By Rev. Paul Graves

On both the national and local scenes, “retribution” and “retaliation” are threatened by people almost indiscriminately. Anger and fear are alive and unwell in our culture.

On a recent interview on Fox News, Donald Trump was asked what he will do if “Americans revolt on Election Day” if Trump wins. (How did we get to where this dysfunctional question is even asked?) Mr. Trump reactively responded: “We’ll put them down very quickly. It’s called ‘Insurrection.’ We’ll just send (military) in and we do it very easy.”

He was then asked to comment on a tragic shooting in Portland, Oregon, and then the shooter was later killed by police. Mr. Trump commented on the killer being shot: “I will tell you something. That’s the way it has to be. There has to be retribution when you have crime like this.”

On a local level, the mask/no mask controversy brings out some puzzling, fearful reactions. My wife and I were yelled at in a big-box store parking lot by a woman who was offended by our wearing masks: “Take off your masks!” Why is our mask-wearing any of her business?

Are a majority of people in our country so fearful that they must emotionally spew their feelings out at people who are different – are “other” – than they are? In my limited experience, they are a loud minority. And I’m sad for them.

My sadness pushes me to explore where this spirit of retribution might find its foothold. Are retribution and retaliation Christian values? Absolutely not!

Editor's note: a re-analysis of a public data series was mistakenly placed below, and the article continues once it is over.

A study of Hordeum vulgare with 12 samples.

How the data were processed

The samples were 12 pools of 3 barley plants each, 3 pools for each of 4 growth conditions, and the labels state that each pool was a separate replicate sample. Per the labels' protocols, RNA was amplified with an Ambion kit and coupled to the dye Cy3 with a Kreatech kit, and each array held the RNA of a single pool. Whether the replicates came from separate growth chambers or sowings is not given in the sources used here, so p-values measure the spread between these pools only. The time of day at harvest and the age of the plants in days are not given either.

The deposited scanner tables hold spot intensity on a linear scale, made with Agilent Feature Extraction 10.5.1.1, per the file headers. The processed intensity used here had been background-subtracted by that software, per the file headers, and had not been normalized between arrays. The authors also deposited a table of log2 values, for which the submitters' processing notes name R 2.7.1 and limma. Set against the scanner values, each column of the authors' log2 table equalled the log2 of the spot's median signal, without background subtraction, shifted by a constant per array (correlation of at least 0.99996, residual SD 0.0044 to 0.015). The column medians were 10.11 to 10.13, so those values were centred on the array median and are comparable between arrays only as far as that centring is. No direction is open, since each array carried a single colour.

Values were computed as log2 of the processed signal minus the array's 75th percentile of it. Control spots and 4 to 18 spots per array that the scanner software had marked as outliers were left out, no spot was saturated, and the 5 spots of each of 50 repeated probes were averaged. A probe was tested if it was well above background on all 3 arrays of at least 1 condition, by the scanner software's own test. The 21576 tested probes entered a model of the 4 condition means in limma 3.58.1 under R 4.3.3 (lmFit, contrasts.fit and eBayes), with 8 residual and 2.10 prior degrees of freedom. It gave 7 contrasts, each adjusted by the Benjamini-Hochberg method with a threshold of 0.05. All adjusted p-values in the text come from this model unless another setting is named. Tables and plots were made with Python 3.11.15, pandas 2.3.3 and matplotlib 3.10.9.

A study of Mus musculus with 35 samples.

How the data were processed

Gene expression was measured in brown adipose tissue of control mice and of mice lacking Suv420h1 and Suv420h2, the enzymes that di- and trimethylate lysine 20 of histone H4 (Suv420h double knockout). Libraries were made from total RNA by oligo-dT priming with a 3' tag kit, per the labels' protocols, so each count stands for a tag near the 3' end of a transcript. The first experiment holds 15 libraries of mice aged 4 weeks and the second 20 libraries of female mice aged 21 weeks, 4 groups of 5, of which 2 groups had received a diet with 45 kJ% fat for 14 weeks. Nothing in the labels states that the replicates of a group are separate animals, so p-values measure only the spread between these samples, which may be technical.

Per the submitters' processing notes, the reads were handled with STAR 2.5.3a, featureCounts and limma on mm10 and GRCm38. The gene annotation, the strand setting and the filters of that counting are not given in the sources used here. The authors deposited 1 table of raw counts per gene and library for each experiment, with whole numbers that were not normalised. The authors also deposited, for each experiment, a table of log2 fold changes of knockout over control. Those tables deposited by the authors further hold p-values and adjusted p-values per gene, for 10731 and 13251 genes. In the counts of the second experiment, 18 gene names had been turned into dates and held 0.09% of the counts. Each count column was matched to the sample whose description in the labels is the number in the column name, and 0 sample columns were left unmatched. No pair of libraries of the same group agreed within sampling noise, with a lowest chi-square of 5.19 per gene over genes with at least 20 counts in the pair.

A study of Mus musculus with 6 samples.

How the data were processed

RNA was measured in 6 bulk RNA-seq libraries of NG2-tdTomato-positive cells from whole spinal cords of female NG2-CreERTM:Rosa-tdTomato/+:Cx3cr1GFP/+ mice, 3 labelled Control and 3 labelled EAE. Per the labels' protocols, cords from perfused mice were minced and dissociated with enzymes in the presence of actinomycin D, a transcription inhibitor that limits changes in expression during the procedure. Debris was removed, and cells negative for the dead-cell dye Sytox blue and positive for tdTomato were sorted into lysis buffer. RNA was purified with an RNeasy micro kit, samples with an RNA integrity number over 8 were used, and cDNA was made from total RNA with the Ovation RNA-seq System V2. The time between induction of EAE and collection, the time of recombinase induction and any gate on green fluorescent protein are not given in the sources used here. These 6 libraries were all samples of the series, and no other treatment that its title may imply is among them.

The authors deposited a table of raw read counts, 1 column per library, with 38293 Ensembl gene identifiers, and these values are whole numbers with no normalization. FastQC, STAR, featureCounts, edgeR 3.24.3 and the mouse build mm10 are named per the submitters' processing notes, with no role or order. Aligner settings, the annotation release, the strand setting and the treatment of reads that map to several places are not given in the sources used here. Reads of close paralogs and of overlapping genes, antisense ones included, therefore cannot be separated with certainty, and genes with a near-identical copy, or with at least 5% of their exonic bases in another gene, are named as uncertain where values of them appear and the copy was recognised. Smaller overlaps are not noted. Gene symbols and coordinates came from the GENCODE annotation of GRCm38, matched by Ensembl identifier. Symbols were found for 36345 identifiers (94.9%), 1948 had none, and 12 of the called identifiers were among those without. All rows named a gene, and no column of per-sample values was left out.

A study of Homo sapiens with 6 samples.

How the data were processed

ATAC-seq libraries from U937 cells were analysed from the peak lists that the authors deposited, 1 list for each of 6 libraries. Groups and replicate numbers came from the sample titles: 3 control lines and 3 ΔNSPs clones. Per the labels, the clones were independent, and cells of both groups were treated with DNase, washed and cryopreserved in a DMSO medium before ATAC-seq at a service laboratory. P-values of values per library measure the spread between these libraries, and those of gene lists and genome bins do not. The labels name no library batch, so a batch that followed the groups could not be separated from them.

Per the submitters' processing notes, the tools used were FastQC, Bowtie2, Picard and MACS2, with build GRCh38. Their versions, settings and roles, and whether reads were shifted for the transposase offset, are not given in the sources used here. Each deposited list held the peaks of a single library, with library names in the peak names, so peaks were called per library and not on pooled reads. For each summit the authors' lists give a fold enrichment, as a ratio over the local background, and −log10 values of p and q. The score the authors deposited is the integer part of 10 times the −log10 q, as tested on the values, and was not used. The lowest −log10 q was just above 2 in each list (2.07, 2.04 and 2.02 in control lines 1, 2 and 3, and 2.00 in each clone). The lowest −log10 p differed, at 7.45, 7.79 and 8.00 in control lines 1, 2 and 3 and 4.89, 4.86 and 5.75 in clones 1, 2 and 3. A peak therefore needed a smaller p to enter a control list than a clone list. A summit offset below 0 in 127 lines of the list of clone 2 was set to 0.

For many, I suspect they come from a serious misreading of “eye for an eye, tooth for tooth”, found in Exodus 21: 23-25, Leviticus 24: 19-20 and Deuteronomy 19:20.

I also suspect those who take these passages literally haven’t spent much time reflecting on Jesus’ interpretation of them. Find his extension of those laws in Matthew 5:38-42. He knew those commands were not lived out literally in ancient times. Monetary compensation was more in vogue for injuries caused. Not retribution, but a form of restoration.

Further, Jesus urged his listeners (mostly Jews, some Gentiles, no Christians at this point) to go beyond retribution or retaliation to other ways of dealing with being wronged. “Turn the other cheek,” “go the extra mile,” “give more than you’re sued for.” His students also knew great fear, great insecurity, great anger. We certainly didn’t invent those feelings.

It’s like Jesus understood those feelings as emotional bullies living inside of us. They can intimidate us to the point we only see lashing out verbally or physically as our only options. Those options certainly seem to be all some people – some well-intentioned Christian people even – seem to choose. But Jesus offers other options.

Read his words carefully, imaginatively, and you might see some of those options. They all command his followers to not return violence for violence. Stand up to your inner bully. Humble your bully by dismissing violence as an option. Humble your bully by standing up courageously to it.

“Humble” and “humiliate” come from humus, or “earth.” Our inner bullies (read “out-of-control egos”) must be brought back to earth. Violence feelings feed them. Healthy humiliation starves them. But that humbling, that humiliation, also feeds the “better self” that lives inside, beneath the bully.

Jesus’ alternative way deals with lash-out-blindly feelings, deeply negative reactions. Self-control is empowered with the confidence that we are loved in spite of our retributive or retaliatory tendencies.

Thus, we are safe to change those tendencies!

Don’t let your inner bully – or someone else’s outer bully – decide who you are. You are God’s child!

The Rev. Paul Graves serves as the chair for the Council on Older Adult Ministries for the Pacific Northwest Conference of The United Methodist Church.